A plan to pass off a cannonball as being from the Mary Rose shipwreck and then sell it on the internet for £5,000 has been thwarted by police.
Wreck artefacts are on show at the Mary Rose Museum in Portsmouth.
Hampshire officers discovered 14 of the 16lb cannonballs under a barbecue after raiding a house in West Sussex.
They were tipped-off by The Tudor Mary Rose Trust and the Receiver of Wreck.
An expert from the Trust said the cannonballs were probably 18th or 19th Century and recovered from the shores of the county's River Hamble.
A Hampshire Constabulary spokeswoman said two officers from the force's marine unit visited the house of a middle-aged man on 26 November.
"The man led the officers out into the back garden and showed them the shot
under his barbecue, " a spokeswoman explained.
"He said they were given to him by a family friend who said they were from the Mary Rose.
"When the man was away, another member of the family, a man aged 25, decided
to sell the cannonball on eBay.
"Both men are co-operating fully with police who are trying to determine
whether an offence has been committed."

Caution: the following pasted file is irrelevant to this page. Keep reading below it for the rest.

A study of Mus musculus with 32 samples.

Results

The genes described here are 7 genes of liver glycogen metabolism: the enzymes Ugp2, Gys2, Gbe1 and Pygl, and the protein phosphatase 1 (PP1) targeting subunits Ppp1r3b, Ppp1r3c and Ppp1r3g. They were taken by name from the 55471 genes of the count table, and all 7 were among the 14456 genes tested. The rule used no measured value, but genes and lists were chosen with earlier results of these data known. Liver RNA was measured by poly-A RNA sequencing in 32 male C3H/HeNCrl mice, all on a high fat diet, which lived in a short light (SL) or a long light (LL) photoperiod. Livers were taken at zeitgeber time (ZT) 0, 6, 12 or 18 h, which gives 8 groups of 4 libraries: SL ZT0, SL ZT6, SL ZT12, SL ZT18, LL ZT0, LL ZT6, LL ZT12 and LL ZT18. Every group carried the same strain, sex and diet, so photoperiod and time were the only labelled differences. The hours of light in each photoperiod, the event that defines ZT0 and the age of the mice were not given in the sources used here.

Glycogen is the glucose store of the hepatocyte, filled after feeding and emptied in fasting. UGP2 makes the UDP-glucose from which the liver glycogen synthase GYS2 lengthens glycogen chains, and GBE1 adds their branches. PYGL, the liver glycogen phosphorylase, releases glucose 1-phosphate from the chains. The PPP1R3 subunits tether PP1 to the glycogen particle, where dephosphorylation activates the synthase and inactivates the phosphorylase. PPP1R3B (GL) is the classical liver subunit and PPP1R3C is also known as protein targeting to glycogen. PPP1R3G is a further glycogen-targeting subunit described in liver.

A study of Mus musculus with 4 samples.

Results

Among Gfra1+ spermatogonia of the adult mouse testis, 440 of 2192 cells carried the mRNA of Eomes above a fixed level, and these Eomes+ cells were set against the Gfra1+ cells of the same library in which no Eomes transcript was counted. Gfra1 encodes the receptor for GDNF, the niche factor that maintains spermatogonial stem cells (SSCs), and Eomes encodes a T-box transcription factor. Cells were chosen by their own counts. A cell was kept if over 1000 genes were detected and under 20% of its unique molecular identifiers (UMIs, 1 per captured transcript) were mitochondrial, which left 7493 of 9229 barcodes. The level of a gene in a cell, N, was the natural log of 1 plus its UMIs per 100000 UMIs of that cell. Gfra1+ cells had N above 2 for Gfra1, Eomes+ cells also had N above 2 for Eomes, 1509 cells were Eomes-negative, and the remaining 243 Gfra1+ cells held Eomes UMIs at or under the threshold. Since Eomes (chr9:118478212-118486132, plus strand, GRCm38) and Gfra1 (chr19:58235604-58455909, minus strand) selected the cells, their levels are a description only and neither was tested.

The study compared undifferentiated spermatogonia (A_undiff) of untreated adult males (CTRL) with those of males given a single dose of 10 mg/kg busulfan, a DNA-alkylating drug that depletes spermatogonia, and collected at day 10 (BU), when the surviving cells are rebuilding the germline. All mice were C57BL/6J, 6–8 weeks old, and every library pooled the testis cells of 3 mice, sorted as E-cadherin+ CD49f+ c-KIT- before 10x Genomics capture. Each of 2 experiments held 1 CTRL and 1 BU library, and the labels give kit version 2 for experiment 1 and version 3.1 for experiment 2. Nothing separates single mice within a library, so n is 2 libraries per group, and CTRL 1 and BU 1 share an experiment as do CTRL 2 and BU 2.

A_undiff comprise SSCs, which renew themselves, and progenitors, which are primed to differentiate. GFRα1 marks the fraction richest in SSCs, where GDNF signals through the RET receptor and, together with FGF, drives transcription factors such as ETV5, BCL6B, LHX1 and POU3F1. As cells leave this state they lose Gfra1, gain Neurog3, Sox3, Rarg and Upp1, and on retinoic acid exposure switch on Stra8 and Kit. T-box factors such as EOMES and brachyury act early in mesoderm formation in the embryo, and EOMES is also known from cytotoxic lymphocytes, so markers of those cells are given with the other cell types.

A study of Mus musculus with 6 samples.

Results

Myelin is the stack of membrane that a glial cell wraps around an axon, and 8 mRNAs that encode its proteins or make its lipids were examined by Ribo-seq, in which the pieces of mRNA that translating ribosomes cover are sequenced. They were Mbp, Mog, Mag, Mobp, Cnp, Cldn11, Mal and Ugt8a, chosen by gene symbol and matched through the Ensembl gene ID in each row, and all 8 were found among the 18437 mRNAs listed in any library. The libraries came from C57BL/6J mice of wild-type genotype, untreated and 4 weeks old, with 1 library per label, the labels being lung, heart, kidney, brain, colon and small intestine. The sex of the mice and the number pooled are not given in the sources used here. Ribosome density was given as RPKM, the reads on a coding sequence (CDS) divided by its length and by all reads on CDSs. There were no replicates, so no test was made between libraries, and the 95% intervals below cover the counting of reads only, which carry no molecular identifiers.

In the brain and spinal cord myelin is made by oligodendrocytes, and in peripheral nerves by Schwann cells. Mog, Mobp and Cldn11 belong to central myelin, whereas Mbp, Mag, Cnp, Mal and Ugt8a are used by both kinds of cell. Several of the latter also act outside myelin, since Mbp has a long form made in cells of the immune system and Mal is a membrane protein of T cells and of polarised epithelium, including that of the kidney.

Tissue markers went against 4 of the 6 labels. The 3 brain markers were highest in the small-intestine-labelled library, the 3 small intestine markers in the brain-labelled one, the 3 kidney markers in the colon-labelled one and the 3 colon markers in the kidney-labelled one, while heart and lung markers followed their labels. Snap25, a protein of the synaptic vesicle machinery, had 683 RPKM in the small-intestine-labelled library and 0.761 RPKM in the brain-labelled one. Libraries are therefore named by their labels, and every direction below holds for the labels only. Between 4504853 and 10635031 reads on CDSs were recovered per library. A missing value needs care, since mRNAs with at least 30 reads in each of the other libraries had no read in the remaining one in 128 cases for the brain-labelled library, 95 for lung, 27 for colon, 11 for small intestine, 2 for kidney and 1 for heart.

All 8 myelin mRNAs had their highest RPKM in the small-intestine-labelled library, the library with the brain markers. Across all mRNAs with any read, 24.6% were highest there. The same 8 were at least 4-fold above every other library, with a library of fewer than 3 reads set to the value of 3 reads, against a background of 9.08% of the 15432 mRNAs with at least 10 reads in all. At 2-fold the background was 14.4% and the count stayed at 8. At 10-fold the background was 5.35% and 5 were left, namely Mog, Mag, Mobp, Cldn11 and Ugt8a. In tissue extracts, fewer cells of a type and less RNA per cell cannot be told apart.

The Trust said it was alerted about the sale by one of the divers who had worked on the excavation and knew that the Trust has a policy that all artefacts from the excavation are kept in the Mary Rose collection, with many of them on display at the museum in Portsmouth.
The Trust contacted Hampshire Police Marine Unit who worked with eBay to find the man.
Most of Henry VIII's flagship was raised from the Solent in 1982 after 437 years under the sea.
The site is one of 55 in the UK that are designated under the Protection of Wrecks Act 1973.
John Lippiett, chief executive of the Mary Rose Trust, said: "We are relieved that the shot turned out to be nothing to do with the Mary Rose but are not pleased that the vendor tried to pass them off as genuine and even used a photograph taken without authority from our website."